Professors better understand need in discipline

Alexia Harris

One way professors stay connected with new developments in their concentration is by attending conferences.

Three professors from the department of Pan-African studies attended the National Council for Black Studies Conference last month in San Diego.

Professors Fran Dorsey, Amoaba Gooden and Babacar M’Baye went to the conference to stay in touch with some of the current theories, methods and practices of black studies, M’Baye said.

“I also wanted to develop relationships with colleagues with similar interests from around the world,” he added.

Gooden said NCBS is the only organization that attempts to bring together black studies professors in a place where they can openly dialogue.

According to the organization’s Web site, NCBS thrives on the idea that education should stimulate both academic excellence and social responsibility.

“I learned that ideology must be connected with real-life issues, such as the problems confronting black people, the colonized, the poor, and the underprivileged around the world,” M’Baye said. “I also learned the field of black studies has developed greatly in its theories and methods, especially in its interpretation of the relationship between Africa and the Black Diaspora.”

M’Baye describes the Black Diaspora as the formation of black communities and cultures outside of Africa since about the eighth century.

“While the beginning of African migrations into the world can be dated much earlier, scholars often refer to the beginning of the Trans-Atlantic slave trade as a pivotal moment of the history,” he said.

Gooden presented a shortened version of her doctorate dissertation, African Caribbean Immigration to Canada and Institutional Building.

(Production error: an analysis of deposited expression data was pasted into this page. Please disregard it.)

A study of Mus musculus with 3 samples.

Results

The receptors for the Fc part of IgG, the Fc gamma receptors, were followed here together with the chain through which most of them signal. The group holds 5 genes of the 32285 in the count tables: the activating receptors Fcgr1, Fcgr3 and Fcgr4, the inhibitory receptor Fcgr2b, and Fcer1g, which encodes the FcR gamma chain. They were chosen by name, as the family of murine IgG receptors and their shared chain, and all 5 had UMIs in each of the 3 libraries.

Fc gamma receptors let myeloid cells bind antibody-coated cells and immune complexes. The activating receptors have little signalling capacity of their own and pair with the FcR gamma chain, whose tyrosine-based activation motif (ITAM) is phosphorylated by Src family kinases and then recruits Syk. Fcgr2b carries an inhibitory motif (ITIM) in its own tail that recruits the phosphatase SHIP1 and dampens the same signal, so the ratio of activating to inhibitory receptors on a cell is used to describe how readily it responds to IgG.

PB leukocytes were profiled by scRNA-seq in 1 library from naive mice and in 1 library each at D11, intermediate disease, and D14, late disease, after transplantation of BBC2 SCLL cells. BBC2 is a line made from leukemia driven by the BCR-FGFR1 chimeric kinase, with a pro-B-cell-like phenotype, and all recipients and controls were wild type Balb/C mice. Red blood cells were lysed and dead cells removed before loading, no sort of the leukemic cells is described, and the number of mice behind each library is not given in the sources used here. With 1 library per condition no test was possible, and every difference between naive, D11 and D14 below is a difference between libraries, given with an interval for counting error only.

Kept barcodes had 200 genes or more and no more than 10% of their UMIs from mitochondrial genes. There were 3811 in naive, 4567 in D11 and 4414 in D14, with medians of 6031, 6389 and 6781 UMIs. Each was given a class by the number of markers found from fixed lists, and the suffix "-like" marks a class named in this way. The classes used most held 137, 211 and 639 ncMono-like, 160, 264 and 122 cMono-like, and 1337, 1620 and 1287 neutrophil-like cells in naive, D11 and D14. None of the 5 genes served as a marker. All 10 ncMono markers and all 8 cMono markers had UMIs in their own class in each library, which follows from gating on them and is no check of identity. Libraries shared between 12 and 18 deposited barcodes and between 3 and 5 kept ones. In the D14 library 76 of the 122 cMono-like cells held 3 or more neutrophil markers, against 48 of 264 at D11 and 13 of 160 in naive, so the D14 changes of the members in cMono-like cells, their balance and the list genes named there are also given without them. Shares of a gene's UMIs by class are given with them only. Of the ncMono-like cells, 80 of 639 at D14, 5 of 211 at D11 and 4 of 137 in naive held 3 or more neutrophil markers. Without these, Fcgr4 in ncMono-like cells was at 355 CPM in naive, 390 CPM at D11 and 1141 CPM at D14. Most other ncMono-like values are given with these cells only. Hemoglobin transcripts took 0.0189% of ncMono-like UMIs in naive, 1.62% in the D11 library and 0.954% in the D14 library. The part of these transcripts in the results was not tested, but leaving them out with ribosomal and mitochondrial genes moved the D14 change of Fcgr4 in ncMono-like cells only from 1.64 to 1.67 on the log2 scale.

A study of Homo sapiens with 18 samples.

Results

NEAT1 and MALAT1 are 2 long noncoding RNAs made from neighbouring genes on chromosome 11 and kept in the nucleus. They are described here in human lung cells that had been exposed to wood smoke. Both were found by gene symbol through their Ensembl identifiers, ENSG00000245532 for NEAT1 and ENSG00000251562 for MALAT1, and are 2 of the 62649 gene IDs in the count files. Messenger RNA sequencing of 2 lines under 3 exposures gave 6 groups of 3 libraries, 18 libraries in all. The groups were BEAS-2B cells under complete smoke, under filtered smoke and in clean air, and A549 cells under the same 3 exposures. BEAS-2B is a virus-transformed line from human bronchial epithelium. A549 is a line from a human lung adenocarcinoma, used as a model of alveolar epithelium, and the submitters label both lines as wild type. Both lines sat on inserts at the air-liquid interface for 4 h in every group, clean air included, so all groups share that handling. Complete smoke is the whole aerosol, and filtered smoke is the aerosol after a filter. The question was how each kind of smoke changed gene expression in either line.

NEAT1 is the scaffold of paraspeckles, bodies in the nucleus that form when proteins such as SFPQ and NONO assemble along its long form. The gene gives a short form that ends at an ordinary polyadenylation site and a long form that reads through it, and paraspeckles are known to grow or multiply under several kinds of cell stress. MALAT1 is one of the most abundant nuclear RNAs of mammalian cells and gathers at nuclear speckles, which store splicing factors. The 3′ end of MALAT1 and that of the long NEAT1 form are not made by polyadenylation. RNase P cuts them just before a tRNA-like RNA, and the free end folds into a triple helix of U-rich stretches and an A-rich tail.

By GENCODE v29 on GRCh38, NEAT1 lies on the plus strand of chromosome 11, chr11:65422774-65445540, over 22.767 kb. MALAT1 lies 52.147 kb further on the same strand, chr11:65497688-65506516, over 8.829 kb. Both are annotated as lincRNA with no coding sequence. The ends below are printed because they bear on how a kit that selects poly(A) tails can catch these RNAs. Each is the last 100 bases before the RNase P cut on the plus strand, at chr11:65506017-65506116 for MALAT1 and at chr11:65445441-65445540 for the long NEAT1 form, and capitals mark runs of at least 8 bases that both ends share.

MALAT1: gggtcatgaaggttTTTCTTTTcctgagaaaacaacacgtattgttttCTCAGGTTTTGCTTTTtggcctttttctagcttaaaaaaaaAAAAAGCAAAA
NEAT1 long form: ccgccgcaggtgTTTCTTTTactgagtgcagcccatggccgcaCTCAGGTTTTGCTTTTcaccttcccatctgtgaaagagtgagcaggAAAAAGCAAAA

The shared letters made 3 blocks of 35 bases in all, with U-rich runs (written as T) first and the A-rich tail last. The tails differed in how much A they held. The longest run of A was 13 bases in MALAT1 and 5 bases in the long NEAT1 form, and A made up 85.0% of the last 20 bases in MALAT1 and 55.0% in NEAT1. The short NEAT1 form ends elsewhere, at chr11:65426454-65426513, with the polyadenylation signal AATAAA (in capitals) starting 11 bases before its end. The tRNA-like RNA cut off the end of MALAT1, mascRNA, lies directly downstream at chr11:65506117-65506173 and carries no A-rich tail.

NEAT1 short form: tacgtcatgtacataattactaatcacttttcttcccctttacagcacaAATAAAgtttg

“The paper looks at the reasons for migration and survival imperatives once in Canada, which differs between men and women and the time frame discussed,” she said.

Gooden said her attendance helped her realize the importance of integrating digital technology in the discipline as a teaching tool.

“Students are digitally capable to use blogs and webstreams, so we need to let them use that capability when it comes to learning,” she said.

The conference solidified that the discipline of black studies has to expand its perimeters to include the experience of new immigrants, Gooden said.

“Using some of the social, economic, cultural and political perspectives from the conference will allow me to help my students better understand the diversity in the literature and history of Africa and the Black Diaspora,” he said. “I will integrate these opinions in my lectures, assignments, and academic research.”

M’Baye said he plans to help students understand the perspectives by reading and interpreting some of the texts of black studies that were discussed at the conference.

“Furthermore, I will assist students in finding ways to make our learning be more useful for personal growth and social development,” he said.

Contact ethnic affairs reporter Alexia Harris at [email protected].